The link between firefighting and cancer

On Behalf of | May 28, 2019 | Workers' Compensation |

When you think about the dangers associated with your Florida firefighting career, you may concern yourself primarily with the immediate risks that come with making your way into burning buildings to help the people inside. Unfortunately, though, many of the health risks you face as a firefighter can affect you slowly, over time, and cancer, in particular, is one such concern. At Kaylor, Kaylor & Leto, P.A, we understand that firefighters face heightened risks of developing many forms of cancer, and we have helped many people who suffered work-related injuries or illnesses seek recourse in the aftermath.

Per the National Fire Protection Association, you are 14% more likely to suffer a cancer-related death when you work as a firefighter then you would be as a member of the general population who does not fight fires. As a firefighter, you are also 9% more likely than the general population to have a doctor diagnose you with cancer, but there are several protective and preventative measures you can take to help decrease your cancer risk.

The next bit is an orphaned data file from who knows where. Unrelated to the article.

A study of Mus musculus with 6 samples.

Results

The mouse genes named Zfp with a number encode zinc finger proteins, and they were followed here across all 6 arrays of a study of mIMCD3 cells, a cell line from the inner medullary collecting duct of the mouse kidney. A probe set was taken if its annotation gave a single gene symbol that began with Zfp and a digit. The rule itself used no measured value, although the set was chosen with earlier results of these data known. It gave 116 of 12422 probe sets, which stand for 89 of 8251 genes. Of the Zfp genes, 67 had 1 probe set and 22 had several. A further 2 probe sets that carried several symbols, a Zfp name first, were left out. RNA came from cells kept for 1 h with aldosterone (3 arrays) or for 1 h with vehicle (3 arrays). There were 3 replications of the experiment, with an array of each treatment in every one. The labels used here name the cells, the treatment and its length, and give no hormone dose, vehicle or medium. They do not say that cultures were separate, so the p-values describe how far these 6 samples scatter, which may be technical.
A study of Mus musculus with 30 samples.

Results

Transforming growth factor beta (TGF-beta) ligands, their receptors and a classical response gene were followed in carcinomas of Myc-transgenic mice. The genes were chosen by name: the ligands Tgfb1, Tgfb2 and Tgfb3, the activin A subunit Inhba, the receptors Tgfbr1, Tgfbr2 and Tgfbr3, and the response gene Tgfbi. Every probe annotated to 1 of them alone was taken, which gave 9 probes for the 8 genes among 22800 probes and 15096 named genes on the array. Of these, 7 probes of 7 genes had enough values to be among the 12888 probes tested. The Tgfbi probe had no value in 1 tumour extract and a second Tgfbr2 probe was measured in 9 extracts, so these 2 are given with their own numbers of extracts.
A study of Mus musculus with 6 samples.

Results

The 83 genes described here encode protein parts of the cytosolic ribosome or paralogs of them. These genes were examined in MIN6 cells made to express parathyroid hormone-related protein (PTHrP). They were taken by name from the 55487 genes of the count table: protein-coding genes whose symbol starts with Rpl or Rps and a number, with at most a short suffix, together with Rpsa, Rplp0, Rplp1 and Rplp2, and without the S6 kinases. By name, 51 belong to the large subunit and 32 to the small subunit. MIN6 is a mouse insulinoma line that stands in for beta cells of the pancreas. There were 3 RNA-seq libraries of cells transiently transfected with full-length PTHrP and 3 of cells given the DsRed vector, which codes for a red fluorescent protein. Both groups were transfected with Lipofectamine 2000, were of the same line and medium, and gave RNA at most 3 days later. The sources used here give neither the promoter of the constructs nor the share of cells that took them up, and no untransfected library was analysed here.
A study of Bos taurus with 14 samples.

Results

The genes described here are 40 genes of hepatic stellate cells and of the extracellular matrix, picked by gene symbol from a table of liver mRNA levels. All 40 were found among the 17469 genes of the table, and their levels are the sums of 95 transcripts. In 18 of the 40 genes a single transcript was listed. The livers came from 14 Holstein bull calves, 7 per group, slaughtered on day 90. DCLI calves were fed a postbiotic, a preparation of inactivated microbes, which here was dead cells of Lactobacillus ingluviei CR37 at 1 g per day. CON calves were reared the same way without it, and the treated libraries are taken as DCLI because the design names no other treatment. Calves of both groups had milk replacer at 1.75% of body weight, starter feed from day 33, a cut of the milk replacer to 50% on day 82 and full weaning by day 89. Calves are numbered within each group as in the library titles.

For starters, recognize that many firefighter cancer cases develop because of contaminated personal protective equipment. Once contaminated, this equipment can cross-contaminate just about anything else it touches, so it is essential that you not only remove your equipment from your body as soon as possible, but that you immediately wash it all, too.

Washing your gear promptly is not enough, though. You should also shower as soon as possible after wearing personal protective equipment or engaging in firefighting operations to remove any possible traces of contaminants from your body. Thoroughly and promptly washing yourself and your firefighting gear may be able to help reduce your risk of developing lung cancer, myeloma, lymphoma or asbestos-related cancers, among others, but it will not completely mitigate it. You can learn more about work-related injuries and illnesses on our webpage.